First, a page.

Interior shot of the apparatus bay at Vancouver Fire Hall No. 17, featuring textured brick work.

Vancouver Fire Hall No. 17


Vancouver, BC

Vancouver Fire Hall No. 17 is the first fire hall in Canada to earn the Zero Carbon Building (ZCB) design certification, and the first project to be certified in BC. When complete, it will offer a 99.67% reduction in operational carbon emissions compared to the existing Fire Hall 17.

Design Challenge

Vancouver Fire Hall 17 is one of 16 projects to pilot the Canada Green Building Council’s new ZCB standard, and is also pursuing LEED Gold certification, Passive House certification, and Net Zero Energy (as defined by the Federation of Canadian Municipalities).

Areas of impact

Fire truck leaving Fire Hall No. 17. The linear silver cladding of the building reflects the light and sky.

Our Response

To achieve these low carbon and low energy performance targets, design strategies include an optimized orientation to benefit from local climate conditions, an airtight envelope, efficient air and water heat recovery systems, and a low carbon mechanical system that utilizes a geo-exchange field with ground source heat pumps.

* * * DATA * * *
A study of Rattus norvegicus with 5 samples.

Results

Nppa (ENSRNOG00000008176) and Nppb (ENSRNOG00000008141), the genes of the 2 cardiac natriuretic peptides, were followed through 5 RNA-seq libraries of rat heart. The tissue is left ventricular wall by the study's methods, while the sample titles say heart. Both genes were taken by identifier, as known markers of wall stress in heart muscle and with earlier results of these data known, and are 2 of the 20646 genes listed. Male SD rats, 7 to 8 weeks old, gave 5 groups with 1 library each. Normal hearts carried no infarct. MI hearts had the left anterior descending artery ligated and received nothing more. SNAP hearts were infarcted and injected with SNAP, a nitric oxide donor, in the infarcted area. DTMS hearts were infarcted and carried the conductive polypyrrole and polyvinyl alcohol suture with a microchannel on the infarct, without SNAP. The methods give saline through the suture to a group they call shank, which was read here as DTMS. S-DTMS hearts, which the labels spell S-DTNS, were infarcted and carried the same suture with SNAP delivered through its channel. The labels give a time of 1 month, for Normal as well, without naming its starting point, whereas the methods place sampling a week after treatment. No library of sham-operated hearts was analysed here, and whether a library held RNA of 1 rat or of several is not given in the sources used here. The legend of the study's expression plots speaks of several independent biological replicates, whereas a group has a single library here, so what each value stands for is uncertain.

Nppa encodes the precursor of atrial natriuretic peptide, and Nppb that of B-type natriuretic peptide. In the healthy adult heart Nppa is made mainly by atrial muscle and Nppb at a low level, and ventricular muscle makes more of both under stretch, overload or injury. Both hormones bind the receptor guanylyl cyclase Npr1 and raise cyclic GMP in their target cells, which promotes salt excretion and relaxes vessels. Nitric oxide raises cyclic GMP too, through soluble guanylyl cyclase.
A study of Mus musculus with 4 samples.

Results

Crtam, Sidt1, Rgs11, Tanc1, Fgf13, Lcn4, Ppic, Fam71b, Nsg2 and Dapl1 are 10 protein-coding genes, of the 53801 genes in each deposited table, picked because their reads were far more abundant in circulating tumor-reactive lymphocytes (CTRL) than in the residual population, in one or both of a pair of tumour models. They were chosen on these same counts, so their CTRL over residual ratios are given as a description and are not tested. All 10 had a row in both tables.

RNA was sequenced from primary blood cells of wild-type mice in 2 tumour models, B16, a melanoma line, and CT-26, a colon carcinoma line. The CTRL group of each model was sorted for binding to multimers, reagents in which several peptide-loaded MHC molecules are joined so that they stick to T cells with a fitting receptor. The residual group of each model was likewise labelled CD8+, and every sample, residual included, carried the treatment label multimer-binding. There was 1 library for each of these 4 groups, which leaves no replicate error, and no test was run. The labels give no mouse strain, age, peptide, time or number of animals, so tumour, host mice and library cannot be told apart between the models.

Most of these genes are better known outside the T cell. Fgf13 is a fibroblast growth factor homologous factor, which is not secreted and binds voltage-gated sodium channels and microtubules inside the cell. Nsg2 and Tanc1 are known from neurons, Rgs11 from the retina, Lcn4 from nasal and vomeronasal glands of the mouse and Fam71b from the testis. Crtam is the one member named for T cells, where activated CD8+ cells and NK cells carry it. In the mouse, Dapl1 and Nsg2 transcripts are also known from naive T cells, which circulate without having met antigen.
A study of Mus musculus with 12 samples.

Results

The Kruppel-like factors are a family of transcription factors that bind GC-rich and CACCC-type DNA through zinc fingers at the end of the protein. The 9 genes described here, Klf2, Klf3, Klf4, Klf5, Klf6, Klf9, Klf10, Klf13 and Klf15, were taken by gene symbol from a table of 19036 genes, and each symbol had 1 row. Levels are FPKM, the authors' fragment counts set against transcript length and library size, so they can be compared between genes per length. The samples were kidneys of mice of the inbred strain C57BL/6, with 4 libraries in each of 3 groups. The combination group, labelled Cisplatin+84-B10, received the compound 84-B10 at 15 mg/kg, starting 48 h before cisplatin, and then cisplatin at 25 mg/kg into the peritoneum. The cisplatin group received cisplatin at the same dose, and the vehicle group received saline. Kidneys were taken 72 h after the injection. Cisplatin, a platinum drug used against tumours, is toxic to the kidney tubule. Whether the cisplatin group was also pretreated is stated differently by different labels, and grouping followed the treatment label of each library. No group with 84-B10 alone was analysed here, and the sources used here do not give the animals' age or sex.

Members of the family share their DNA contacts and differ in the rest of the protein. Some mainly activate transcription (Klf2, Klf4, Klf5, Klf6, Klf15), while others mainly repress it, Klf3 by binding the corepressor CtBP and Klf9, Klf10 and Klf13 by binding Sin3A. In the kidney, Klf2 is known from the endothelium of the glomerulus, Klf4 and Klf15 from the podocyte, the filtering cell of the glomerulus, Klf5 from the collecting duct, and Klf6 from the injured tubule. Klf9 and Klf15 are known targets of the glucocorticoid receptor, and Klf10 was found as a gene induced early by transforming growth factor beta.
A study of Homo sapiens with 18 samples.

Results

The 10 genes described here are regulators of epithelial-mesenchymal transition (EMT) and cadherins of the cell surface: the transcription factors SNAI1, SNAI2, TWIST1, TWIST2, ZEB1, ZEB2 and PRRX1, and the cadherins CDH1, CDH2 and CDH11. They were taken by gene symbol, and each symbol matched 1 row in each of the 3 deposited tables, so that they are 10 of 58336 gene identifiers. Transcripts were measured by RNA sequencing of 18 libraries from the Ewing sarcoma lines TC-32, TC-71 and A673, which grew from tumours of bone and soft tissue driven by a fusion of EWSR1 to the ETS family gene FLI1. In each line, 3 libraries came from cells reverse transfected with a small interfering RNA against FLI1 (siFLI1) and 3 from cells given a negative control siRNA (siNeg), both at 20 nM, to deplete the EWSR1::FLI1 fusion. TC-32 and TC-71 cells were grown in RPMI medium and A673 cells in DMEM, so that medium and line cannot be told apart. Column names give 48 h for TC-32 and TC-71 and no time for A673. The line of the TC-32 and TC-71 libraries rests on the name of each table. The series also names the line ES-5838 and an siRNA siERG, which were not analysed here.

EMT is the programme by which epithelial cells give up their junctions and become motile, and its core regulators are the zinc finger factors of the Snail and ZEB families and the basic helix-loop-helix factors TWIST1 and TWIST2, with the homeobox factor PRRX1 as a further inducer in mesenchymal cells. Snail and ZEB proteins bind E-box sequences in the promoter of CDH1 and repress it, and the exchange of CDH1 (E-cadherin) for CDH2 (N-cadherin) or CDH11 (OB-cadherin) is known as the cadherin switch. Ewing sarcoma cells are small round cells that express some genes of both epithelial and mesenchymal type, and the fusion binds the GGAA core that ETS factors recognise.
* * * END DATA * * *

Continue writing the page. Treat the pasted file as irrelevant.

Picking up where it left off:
As Vancouver’s second largest training fire hall, the new facility will have four drive-through apparatus bays, a full-size hose/training tower, a training yard, and accommodation for two full crews. Because the building is designed as a post-disaster facility, it will also be fitted with IT, radio, SCADA (supervisory control and data acquisition), and traffic control equipment.

The new low carbon building will be situated on Knight Street at 55th Avenue, and will also serve as a post-disaster citywide emergency hub in the event of an information technology network breakdown. It’s designed that so any firefighter in the building can get to a fire truck in 60 seconds.

The project was made possible through a collaborative team effort including hcma (architects and sustainability consultants), the City of Vancouver, Integral Group (mechanical and electrical), Morrison Hershfield (energy modeling) and RJC Engineers (envelope and structural).

Read more on the project's sustainable design strategies in this case study from the Zero Emission Building Exchange (ZEBx).